Occupations have grown more and more specialized through the years and health-care occupations follow that specialized trend. Understanding health-care specialties can be challenging. We want to help you better understand the differences in those hearing health-care specialties to achieve your best care and best outcomes.

Here’s a breakdown of the specialties…


Audiologists are the primary health-care professionals who evaluate, diagnose, treat, and manage hearing loss and balance disorders in individuals of all ages from infants and teens to adults and the elderly.

Audiologists are trained to understand and program hearing aids, cochlear implants, assistive listening devices, bone-anchored hearing aids, and more. Audiologists are the only qualified professionals who can diagnose an individual with auditory processing disorder, or “hidden hearing loss.”

Audiologists work in many types of settings, including:

  • Hospitals
  • Clinics
  • Private practices
  • ENT offices
  • Universities
  • K-12 schools
  • Government
  • Military
  • Veterans’ Administration (VA) hospitals

Most audiologists earn a doctor of audiology (AuD) degree. Some audiologists earn a doctor of philosophy (PhD) or doctor of science (ScD) degree in the hearing and balance sciences.

Audiologists must be licensed or registered for practice in all states, the District of Columbia, and Puerto Rico.

Audiologists are also required to pursue continued education to stay updated on the latest hearing and balance health care and can also receive certification from the American Board of Audiology and specialty certification in pediatric audiology from the American Board of Audiology.

Some audiologists also further their education and credentials by obtaining certificates in tinnitus management audiology precepting through the American Board of Audiology.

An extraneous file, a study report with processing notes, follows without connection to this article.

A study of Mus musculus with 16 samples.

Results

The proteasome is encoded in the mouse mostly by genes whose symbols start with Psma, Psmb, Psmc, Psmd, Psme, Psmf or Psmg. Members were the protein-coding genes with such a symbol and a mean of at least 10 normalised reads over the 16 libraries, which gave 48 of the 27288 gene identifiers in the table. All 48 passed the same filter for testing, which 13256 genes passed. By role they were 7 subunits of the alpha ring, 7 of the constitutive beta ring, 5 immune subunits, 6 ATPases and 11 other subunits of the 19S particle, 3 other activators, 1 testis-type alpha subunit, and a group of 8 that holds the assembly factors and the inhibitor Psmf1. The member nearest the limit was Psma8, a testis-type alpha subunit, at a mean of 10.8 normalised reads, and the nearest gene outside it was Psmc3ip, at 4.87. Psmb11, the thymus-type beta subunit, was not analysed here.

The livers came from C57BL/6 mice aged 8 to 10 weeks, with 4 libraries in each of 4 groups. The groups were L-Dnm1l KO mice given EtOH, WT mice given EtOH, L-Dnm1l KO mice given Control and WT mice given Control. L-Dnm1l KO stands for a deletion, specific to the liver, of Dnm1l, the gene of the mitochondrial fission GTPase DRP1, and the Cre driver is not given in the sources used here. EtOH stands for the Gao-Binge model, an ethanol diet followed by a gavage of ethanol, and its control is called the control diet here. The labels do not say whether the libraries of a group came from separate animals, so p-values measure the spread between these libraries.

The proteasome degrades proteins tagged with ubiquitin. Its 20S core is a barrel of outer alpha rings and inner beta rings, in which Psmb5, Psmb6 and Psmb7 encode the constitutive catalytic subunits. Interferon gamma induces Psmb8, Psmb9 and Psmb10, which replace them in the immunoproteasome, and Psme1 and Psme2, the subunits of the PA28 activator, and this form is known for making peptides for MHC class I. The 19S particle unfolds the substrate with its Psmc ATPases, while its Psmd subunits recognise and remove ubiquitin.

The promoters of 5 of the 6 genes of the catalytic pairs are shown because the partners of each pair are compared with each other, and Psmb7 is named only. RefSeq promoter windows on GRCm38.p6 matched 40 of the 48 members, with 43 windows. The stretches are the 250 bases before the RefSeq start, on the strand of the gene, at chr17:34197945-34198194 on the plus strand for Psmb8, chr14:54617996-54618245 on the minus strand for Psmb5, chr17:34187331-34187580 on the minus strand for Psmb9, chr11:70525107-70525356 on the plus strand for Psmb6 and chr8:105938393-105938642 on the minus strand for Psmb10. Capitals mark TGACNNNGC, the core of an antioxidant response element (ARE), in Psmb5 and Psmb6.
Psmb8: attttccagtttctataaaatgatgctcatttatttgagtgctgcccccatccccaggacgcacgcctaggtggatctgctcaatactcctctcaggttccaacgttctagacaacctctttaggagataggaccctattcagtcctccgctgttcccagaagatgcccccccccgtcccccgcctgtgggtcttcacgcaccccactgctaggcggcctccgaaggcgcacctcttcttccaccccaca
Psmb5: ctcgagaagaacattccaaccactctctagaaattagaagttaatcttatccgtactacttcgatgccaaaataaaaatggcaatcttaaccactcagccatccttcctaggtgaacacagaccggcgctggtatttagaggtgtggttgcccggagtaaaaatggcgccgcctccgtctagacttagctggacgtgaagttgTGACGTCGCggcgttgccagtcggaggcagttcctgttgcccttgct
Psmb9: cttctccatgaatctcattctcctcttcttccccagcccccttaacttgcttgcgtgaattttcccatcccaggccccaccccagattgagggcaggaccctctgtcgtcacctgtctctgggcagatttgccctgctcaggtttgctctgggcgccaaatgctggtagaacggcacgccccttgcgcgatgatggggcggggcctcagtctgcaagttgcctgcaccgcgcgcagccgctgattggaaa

According to the American Academy of Otolaryngology, an otolaryngologist (more commonly known as an ear, nose, and throat (ENT) doctor) is a physician with an expertise in conditions of the (you guessed it) ear, nose, and throat. However, their specialty also extends to other parts of the head and neck, including the sinuses and thyroid and conditions such as allergies and sleep apnea.

ENTs earn a doctor of medicine degree post bachelor’s degree. Medical school is followed by a five-year residency (according to Washington University School of Medicine in St. Louis).

There are also ENTs who further specialize in ears. These physicians are called otologists or neurotologists. These specialists complete an additional two-year fellowship to train to treat more complex ear conditions and more complex ear surgeries. For instance, an otologist performs the surgical placement of the internal component of a cochlear implant.

Hearing Instrument Specialist/Hearing Aid Dispenser

According to the International Hearing Society, a hearing instrument specialist is a state-licensed hearing health professional trained to evaluate common types of hearing loss in adults and fit hearing aids. They are typically licensed to perform tasks related to hearing aid fittings, such as program hearing aids and make ear-mold impressions. Hearing instrument specialists do not diagnose hearing loss or hearing disorders and are not trained to diagnose and treat tinnitus, hyperacusis, auditory processing disorders, or other auditory cognitive processing skills.